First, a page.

From the Publisher
"A vast amount has been published on the pyramids, but this book offers a refreshing and distinctive approach based on sound scholarship and written in a style that often strikes a spark in the reader's imagination. One comes away reminded what an astonishing building the Great Pyramid is, out on its own in the realm of ancient Egyptian architecture, and therefore something that does not fit into the generalizations that we tend to seek." Barry Kemp, Professor of Egyptology, University of Cambridge and author of Ancient Egypt: Anatomy of a Civilization
"If you read only one pyramid book this year, read archaeologist Romer's, a winner both in size and in substance. Romer (Ancient Lives: The Story of the Pharaoh's Tombmakers) does a fabulous job of breaking down our preconceived notions of the Great Pyramid (completed c.2500 B.C.E.). He reexamines all the old ideas, myths, and legends and washes away years of misinterpretation and misinformation. For example, he reassesses the scarce evidence about King Khufu (a.k.a. Cheops to the Greeks) and presents a revised profile of the pyramid workers' lives, families, and culture. He delves into the Great Pyramid's plan (he stipulates that there was one consistent plan throughout its building), materials, construction, shafts, ramps, burial chamber, and grand gallery. Scholarly yet written for a general audience, this title will be coveted in all public and academic libraries. Highly recommended."
Melissa Aho, Metropolitan State Univ., St. Paul, MN, Library Journal
"Compellingly written and judiciously illustrated, this authoritative book will appeal to both scholars and the general public. Highly recommended." Choice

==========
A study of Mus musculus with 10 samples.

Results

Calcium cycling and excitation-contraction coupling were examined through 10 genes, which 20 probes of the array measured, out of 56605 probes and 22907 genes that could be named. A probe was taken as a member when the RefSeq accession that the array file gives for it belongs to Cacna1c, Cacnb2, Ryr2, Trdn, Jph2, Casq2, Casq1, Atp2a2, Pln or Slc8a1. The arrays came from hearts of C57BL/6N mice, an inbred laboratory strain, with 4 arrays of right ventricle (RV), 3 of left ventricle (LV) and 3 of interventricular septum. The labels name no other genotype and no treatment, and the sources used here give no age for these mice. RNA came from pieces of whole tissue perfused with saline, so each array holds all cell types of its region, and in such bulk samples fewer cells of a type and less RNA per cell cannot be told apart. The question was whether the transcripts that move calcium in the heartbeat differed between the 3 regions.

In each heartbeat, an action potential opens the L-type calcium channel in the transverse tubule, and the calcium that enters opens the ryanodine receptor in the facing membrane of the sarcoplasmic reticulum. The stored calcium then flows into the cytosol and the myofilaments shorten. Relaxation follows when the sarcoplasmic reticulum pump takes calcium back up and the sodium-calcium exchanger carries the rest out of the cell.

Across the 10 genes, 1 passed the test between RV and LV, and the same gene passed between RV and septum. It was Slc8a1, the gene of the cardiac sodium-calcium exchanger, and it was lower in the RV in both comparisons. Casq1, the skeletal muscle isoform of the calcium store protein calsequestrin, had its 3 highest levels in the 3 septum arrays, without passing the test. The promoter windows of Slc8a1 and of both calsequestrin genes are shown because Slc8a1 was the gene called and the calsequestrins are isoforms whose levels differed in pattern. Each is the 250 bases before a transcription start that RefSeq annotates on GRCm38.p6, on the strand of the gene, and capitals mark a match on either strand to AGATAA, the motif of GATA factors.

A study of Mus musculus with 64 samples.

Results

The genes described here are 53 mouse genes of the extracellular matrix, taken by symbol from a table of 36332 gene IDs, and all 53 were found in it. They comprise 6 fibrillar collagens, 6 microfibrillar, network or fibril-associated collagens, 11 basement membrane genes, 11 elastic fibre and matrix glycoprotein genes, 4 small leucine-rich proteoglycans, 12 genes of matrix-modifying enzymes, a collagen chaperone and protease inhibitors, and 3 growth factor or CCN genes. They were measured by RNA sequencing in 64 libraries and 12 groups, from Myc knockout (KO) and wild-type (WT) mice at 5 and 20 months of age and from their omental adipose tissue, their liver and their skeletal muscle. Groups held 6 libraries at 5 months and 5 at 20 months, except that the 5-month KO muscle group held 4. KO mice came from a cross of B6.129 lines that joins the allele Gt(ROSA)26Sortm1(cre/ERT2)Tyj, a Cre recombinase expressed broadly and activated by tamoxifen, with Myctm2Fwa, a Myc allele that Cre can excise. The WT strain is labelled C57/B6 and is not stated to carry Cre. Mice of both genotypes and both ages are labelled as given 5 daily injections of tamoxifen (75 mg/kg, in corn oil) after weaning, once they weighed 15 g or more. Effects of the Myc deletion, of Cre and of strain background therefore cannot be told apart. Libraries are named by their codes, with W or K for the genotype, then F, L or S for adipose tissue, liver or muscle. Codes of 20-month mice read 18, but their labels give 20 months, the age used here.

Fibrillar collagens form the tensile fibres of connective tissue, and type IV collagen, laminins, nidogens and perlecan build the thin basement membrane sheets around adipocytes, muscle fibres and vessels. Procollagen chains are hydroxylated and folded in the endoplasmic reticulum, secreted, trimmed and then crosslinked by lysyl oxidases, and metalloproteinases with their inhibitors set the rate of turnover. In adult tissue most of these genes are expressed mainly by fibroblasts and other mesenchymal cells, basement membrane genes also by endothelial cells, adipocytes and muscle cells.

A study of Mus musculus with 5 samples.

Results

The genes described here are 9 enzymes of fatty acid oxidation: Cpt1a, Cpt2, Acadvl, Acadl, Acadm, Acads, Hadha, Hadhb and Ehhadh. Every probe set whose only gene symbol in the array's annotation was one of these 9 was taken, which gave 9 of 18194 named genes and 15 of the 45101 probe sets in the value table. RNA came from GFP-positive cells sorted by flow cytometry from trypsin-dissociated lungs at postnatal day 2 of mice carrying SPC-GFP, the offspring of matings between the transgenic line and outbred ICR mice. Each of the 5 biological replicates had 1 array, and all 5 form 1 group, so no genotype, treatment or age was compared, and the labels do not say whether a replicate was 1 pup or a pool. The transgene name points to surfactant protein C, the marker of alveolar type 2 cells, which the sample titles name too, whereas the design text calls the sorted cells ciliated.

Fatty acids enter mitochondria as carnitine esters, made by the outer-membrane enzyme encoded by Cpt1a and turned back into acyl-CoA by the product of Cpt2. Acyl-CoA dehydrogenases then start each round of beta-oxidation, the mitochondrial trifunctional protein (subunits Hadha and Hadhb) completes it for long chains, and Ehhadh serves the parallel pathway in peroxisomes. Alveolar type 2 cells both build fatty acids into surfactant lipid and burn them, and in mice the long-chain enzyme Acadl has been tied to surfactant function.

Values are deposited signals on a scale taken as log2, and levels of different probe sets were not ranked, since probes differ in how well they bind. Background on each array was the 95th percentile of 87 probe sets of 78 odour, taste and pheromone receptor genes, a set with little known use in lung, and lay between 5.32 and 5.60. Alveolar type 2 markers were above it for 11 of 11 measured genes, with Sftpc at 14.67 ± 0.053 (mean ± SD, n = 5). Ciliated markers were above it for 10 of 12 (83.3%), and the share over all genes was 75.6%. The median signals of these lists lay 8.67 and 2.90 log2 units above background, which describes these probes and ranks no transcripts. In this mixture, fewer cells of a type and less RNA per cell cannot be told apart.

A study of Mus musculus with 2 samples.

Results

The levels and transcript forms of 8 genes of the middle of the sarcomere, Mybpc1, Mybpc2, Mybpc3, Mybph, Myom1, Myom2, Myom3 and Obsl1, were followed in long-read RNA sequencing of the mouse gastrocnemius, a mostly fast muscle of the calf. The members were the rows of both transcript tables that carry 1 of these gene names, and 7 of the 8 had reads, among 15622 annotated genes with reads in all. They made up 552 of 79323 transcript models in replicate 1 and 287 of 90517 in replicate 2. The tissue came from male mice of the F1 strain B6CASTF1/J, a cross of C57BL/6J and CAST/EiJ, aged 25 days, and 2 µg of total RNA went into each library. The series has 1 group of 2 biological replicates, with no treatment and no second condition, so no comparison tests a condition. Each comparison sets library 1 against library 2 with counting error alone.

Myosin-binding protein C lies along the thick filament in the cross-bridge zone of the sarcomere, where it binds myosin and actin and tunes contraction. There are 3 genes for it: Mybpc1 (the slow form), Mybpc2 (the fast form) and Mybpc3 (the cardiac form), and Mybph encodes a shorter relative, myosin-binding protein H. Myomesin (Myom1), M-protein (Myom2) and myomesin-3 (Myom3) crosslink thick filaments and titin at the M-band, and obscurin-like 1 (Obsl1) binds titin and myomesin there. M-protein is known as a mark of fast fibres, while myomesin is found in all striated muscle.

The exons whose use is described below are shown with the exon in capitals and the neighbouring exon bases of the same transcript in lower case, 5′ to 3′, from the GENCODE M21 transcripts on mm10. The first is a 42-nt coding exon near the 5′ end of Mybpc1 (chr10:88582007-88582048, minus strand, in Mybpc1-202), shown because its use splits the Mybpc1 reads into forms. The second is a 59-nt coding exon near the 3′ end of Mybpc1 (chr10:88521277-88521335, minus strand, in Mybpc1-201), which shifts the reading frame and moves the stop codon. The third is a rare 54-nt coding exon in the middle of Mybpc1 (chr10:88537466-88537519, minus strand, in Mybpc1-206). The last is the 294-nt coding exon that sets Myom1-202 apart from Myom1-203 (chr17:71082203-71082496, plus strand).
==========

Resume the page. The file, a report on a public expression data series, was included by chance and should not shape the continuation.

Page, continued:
The largest and most precise stone building in the world and a feat of Bronze Age technology, the Great Pyramid of Giza was built around 2478 B.C. in the reign of King Khufu. But how did the Great Pyramid's makers go about their daily work? what were their timetables, their ambitions? Transposing to Giza some known facts about the building rates of the Red Pyramid during the reign of Khufu's father, Sneferu, archeologist Romer (Great Excavations) concludes that it would have taken 14 years to build the Great Pyramid and that a nationwide workforce of around 21,000 was employed during the first year of construction and almost half that number as it approached completion. Taking traditional Egyptologists to task, Romer warns readers against swallowing the "myth" that the Great Pyramid was built by a mindless rural labor force kidnapped from distant villages and enslaved by a bureaucracy governed by talented noblemen. Instead, he posits that the workers were intelligent and inventive. Moreover, the author believes that the builders worked from a single construction plan, a "hidden logic" denied by many scholars but that he claims he alone has recovered. Romer is a bracing writer with attitude to spare, yet highly technical data render this volume more suitable to architects than lay readers. Illus. (Apr.)Copyright 2006 Reed Business Information.